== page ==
Until recently, reimbursed expenses were treated as earnings of the employee, reportable to HMRC (HM Revenue and Customs) on P11Ds. Employees would claim tax relief to the extent that they were qualifying business expenses. This convoluted process could be avoided if an employer was granted a dispensation from the current reporting obligations.
Abolition of P11D dispensations
As of 6 April 2016 P11D dispensations have been abolished and now such business expense will be covered by an exemption, subject to certain conditions being met. This is welcome news for those employers that did not have a dispensation agreement however the new legislation has made some important changes which all employers must be aware of.
Schools will commonly reimburse expenses incurred by employees in the course of their duties, such as for travel and subsistence, and sometimes expenses are paid for by the school directly to the provider. Understanding the new rules in these situations is important, to ensure ongoing compliance.
What does this mean for you?
- Expenses that fully meet the qualifying conditions will now be exempt and do not need reporting to HMRC on forms P11D.
- There is a statutory requirement for all employers to put in place a system under which employee expense claims are validated. Before reimbursing these to employees without deduction of income tax and NICs, they must be satisfied that the expense meets the conditions of the exemption.
- Bespoke round sum expense payments cannot be paid at a level higher than the published benchmark rates without prior agreement with HMRC.
- Where expenses are paid using the benchmark rates or a bespoke round sum expense payment agreed with HMRC, the checking process will require you to review expense claims against receipts using a sampling process. This brings back the administrative burden of retaining receipts and we must question whether such round sum payments are worth continuing.
- The new exemption will not apply to expenses that are paid in conjunction with a salary sacrifice arrangement?
What are the conditions for exemption?
The emphasis is solely on your board to determine whether the expense qualifies under the exemption. Not only must the board be satisfied that the expense has been incurred and paid by the employee but also that it would qualify for a deduction against earnings.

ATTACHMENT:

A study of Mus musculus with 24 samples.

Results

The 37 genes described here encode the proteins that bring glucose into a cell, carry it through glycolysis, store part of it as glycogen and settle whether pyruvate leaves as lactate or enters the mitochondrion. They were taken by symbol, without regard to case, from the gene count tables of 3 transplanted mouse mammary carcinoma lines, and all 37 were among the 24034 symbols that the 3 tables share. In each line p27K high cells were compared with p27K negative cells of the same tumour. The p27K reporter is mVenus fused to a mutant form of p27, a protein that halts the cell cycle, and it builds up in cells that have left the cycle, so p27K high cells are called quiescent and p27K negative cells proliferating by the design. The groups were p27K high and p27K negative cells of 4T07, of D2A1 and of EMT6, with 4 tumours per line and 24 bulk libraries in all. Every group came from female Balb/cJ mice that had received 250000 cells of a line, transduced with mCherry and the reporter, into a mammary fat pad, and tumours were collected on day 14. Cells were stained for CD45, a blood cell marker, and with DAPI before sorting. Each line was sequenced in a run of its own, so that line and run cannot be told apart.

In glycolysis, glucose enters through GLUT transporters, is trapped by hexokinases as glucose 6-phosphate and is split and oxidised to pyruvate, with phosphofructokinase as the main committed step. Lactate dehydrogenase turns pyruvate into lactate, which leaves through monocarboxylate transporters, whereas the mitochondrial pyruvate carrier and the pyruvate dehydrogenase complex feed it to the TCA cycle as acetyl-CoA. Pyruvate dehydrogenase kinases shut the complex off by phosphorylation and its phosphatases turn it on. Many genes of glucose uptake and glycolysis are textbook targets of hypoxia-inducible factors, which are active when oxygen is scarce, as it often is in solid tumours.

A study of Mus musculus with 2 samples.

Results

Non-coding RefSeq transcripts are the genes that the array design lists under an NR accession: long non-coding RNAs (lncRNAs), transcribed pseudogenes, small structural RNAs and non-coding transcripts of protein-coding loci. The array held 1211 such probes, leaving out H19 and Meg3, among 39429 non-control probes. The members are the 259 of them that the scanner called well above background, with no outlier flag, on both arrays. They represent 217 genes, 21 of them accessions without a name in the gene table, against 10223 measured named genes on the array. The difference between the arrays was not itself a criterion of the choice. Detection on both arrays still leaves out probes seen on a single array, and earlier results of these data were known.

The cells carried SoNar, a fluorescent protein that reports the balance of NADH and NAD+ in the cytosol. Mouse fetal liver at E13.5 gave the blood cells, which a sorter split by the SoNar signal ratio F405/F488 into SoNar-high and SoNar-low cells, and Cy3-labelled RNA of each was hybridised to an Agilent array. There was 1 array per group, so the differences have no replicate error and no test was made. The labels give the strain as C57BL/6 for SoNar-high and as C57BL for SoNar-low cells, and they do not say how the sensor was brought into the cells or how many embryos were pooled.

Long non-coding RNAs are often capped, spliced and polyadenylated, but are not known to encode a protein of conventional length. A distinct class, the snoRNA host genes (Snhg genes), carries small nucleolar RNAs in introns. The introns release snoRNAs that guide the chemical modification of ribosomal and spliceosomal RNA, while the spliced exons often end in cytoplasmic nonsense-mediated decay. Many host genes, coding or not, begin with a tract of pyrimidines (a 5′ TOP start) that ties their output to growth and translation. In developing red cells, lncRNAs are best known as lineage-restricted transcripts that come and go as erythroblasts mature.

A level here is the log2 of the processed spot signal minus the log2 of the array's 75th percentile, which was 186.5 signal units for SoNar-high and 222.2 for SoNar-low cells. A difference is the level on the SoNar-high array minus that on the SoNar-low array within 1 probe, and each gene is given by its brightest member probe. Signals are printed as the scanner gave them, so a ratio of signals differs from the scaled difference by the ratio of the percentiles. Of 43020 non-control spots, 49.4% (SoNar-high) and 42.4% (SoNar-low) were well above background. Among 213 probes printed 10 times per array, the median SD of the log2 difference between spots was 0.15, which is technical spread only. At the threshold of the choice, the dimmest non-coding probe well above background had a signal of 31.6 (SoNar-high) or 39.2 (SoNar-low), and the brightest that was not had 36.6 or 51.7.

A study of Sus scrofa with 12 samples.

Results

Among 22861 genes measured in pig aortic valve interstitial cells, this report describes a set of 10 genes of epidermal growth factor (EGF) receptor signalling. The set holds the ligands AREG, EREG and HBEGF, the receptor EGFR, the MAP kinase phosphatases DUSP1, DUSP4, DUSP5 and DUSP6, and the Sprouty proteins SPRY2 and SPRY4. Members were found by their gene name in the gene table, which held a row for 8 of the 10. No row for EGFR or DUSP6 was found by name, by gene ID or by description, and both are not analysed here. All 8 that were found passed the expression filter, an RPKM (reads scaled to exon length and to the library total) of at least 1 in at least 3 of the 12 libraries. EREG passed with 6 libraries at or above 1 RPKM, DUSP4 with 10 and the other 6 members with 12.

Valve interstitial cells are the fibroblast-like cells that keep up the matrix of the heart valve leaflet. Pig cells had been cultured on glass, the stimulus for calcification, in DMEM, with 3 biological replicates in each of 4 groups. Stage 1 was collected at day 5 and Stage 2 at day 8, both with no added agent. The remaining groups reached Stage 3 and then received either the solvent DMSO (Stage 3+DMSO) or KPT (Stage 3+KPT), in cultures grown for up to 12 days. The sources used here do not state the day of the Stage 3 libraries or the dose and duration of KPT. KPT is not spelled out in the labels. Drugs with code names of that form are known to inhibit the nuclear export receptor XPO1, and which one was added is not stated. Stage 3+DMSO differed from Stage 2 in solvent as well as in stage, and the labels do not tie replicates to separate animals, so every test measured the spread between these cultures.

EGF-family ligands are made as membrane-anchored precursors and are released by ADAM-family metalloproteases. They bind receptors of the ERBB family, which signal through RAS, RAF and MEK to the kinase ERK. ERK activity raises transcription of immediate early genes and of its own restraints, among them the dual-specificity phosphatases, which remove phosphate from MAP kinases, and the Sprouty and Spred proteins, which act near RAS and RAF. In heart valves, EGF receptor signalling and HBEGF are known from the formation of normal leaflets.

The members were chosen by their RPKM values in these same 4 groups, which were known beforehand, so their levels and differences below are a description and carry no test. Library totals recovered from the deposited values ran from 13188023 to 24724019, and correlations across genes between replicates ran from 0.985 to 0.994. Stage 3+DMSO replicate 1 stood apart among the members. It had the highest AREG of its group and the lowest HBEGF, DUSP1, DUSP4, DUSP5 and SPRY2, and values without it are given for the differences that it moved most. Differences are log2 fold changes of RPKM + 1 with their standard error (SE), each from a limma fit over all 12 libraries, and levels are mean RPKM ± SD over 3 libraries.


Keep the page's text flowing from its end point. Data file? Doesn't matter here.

What if you get it wrong?
Reimbursed expenses that are not wholly exempt must be paid to the employee through the payroll under deduction of tax and NICs. If your school directly meets expenses that are not wholly exempt, these must be reported on forms P11D. Failure to make an accurate assessment will result in settling any unpaid tax and NICs with HMRC, along with interest and penalties. Schools are still being targeted heavily by HMRC for employer compliance checks and adoption of these new rules will be included in such reviews.
What should you do?
These changes mean that the procedures and processes you currently use when paying expenses need to be reviewed with the following in mind:
- where round sum allowances are paid, employers must ensure that they have advance HMRC agreement to payments that exceed the benchmark rates;
- appropriate checking processes must be in place to sample check round sum payments against expenses incurred;
- even where specific reimbursements are made against receipts, employers must be satisfied through their checking processes that they relate to allowable business expenses;
- procedures should be detailed in an expense policy to ensure all employees are providing sufficient information to enable the employer to determine that the conditions that make an expense exempt are met;
- those responsible for validating expenses should be made fully aware of what represents allowable business expenses.
With the protection of the dispensation withdrawn, responsibility sits with the employer to assess expenses and decide whether they are exempt. It is a good time for your school to review their expense procedures to ensure that you have processes that are robust and to consider the changes required to remain compliant in the post dispensation era.